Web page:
Reflection on 2010: The climate stories

So now its the new year and resolutions have already fallen by the wayside it seems like a good time to look back at what has happened over the last year.

It began with the coldest winter (Dec-Feb) here in the UK since 1978-79, while there were record high temperatures in Russia as Moscow sweltered in 38.2C heat, the warmest for 91 years, causing drought and the warmest summer on record. The year ended with floods in Queensland, Australia that are currently submerging much of the city of Brisbane.

NOAA’s map of significant events for last year (click image for large view)

The Top Ten Global Weather/Climate Events for 2010 are in the table below:

Rank Event When Occurred
1 Russo- European- Asian Heat Waves Summer
2 2010 as [near] warmest on record Calendar Year
3 Pakistani Flooding Late July into August
4 El Niño to La Niña Transition Mid-to-Late Boreal Spring
5 Negative Arctic Oscillation December–February
6 Brazillian Drought Ongoing
7-tie Historically Inactive NE Pacific Hurricane Season May 15th–November 30th
7-tie Historic N. Hemispheric Snow Retreat January through June
9 Minimum Sea Ice Extent Mid-September
10 China Drought First half of 2010

Although the summer of 2010 produced some extreme weather events the following sums the view of climatologists on the matter.

“Although we can’t attribute individual extreme weather events to climate change, the risk of some types of events may have already increased, highlighting the vulnerability of the human and natural worlds to changes in climate.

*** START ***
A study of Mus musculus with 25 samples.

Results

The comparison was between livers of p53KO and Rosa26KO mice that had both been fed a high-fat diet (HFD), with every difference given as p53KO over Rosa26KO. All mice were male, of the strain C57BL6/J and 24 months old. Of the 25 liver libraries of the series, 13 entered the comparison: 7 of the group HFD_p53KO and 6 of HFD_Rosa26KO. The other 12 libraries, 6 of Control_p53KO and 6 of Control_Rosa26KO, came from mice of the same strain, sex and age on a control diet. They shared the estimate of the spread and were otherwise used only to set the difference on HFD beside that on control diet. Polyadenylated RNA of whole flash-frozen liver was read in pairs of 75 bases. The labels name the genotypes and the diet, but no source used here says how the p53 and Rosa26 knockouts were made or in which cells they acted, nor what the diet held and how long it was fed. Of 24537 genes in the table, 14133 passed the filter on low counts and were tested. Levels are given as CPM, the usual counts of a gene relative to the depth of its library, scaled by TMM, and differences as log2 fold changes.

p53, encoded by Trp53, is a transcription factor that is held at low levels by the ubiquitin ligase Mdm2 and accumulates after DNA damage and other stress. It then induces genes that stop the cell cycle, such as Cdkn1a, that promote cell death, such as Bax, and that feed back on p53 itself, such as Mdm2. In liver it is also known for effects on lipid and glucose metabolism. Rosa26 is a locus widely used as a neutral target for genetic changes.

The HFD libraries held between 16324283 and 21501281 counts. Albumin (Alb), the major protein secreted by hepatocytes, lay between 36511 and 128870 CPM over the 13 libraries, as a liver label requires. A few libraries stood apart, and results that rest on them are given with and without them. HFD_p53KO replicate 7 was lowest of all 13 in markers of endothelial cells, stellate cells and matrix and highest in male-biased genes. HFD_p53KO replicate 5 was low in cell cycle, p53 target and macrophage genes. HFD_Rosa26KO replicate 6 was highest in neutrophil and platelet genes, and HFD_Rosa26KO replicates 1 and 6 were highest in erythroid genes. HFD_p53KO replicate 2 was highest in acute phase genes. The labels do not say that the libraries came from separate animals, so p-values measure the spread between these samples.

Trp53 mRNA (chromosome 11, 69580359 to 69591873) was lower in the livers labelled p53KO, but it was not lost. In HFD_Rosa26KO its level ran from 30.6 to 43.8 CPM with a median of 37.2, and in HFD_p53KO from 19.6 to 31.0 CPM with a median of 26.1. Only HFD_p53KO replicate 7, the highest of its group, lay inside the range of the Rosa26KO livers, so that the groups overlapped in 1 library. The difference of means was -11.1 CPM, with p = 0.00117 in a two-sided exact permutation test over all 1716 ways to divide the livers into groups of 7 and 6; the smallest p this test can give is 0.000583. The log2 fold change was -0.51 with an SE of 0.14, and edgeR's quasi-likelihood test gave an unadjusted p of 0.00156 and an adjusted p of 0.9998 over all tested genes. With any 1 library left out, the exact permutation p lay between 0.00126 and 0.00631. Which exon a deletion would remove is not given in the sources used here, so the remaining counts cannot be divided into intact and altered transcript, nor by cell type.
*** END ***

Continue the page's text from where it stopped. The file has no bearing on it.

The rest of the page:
Our climate change predictions support the emerging trend in observations and show a clear intensification of extreme rainfall events in a warmer world. In the case of heatwaves, there is a fairly direct link between the global and regional average warming attributable to human influence and the increasing frequency of extreme temperatures that has been observed worldwide. Further research is needed to understand how climate change may have already altered the risk of such events occurring.” – Met Office, The State of the climate

So 2010 was one of the warmest years on record. The combined global land and ocean surface temperature tied with 2005 as the warmest such period on record, at 0.62°C (1.12°F) above the 20th century average of 13.9°C (57.0°F).

The above graph shows the trend of significant long-term warming which is confirmed by the 2010 data according to the World Meteorological Organisation (WMO).

Update: From WMO  (20/1/11)

“The year 2010 was characterized by a high number of extreme weather events, including the heatwave in Russia and the devastating monsoonal floods in Pakistan….

There have been many major weather and climate events in late 2010 and early 2011. These include:

  • In early January floods affected more than 800 000 people in Sri Lanka according to the UN Office for the Coordination of Humanitarian Affairs. The Philippines were also severely affected by floods and mudslides during January.
  • Flash floods in the mountain areas near the city of Rio de Janeiro in Brazil in the second week of January resulted in more than 700 deaths, many of them in mudslides. This is one of the highest death tolls due to a single natural disaster in Brazilian history.
  • Severe flooding occurred in eastern Australia in December and the first half of January, associated with the continuing strong La Niña event.  The most extensive damage was in the city of Brisbane, which had its second-highest flood of the last 100 years after that of January 1974. In financial terms it is expected to be the most costly natural disaster in Australia’s history.

As scientists have long predicted, increasing levels of greenhouse gases would lead to increasing global temperatures, and more extreme weather, especially heatwaves and flooding.”